NIH Research Matters
May 2012 Archive
May 23, 2012
Paralyzed patients were able to control a robotic arm with their thoughts, a new study reports. This advance may help restore some independence and improve quality of life for people who’ve lost the use of their limbs.
A new study revealed a surprisingly diverse and stable community of microbes in the male urinary tract and on the penis. The findings will help lead to a better understanding of male reproductive and sexual health.
In a proof-of-principle study, researchers developed retinal implants that can potentially deliver images to surviving neurons in the eye and restore vision.
May 14, 2012
A routine bladder function test given to women before urinary incontinence surgery may be unnecessary, a new study reports.
A study in rats suggests that the mental replay of an experience is essential for making informed decisions. The work brings researchers closer to understanding how memories are represented and used by the brain.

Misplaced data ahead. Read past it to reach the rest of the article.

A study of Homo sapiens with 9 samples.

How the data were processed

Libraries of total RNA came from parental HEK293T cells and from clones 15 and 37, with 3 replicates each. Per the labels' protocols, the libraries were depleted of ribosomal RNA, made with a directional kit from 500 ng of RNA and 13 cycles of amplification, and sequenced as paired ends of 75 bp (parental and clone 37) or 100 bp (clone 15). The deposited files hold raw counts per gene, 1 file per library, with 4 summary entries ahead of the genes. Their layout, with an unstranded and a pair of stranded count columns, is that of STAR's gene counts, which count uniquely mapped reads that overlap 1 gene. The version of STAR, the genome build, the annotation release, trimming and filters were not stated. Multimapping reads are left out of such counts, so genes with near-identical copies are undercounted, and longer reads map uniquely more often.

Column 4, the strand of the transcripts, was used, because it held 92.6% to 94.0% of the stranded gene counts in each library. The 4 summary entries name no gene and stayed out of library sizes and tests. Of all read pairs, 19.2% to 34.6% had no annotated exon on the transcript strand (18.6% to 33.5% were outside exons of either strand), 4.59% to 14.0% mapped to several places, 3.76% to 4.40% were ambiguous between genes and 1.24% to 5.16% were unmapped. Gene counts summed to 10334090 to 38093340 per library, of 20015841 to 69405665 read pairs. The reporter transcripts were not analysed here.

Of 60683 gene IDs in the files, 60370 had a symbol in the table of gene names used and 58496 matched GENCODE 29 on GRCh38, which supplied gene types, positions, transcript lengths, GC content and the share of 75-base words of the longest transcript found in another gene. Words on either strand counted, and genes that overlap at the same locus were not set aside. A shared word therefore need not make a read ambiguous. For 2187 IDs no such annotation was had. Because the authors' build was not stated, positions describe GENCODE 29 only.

Large structural abnormalities in chromosomes become more common with age and may be linked to increased risk for cancer. The new findings offer insights into how cancer and other disorders might emerge as people get older.
May 7, 2012
A combination of 2 diabetes drugs, metformin and rosiglitazone, was more effective in treating youth with type 2 diabetes than metformin alone, according to a new study.
A comparison showed that the drugs Avastin and Lucentis lead to similar vision improvements in patients with age-related macular degeneration. Treatments given monthly were slightly more effective than when given as-needed.
A new study found certain brain functions that are enhanced in teens who are fluent in more than one language. The finding gives new insight into how our senses help shape our brains.
Editor: Harrison Wein, Ph.D.
Assistant Editors: Vicki Contie, Carol Torgan, Ph.D.
NIH Research Matters is a weekly update of NIH research highlights from the Office of Communications and Public Liaison, Office of the Director, National Institutes of Health.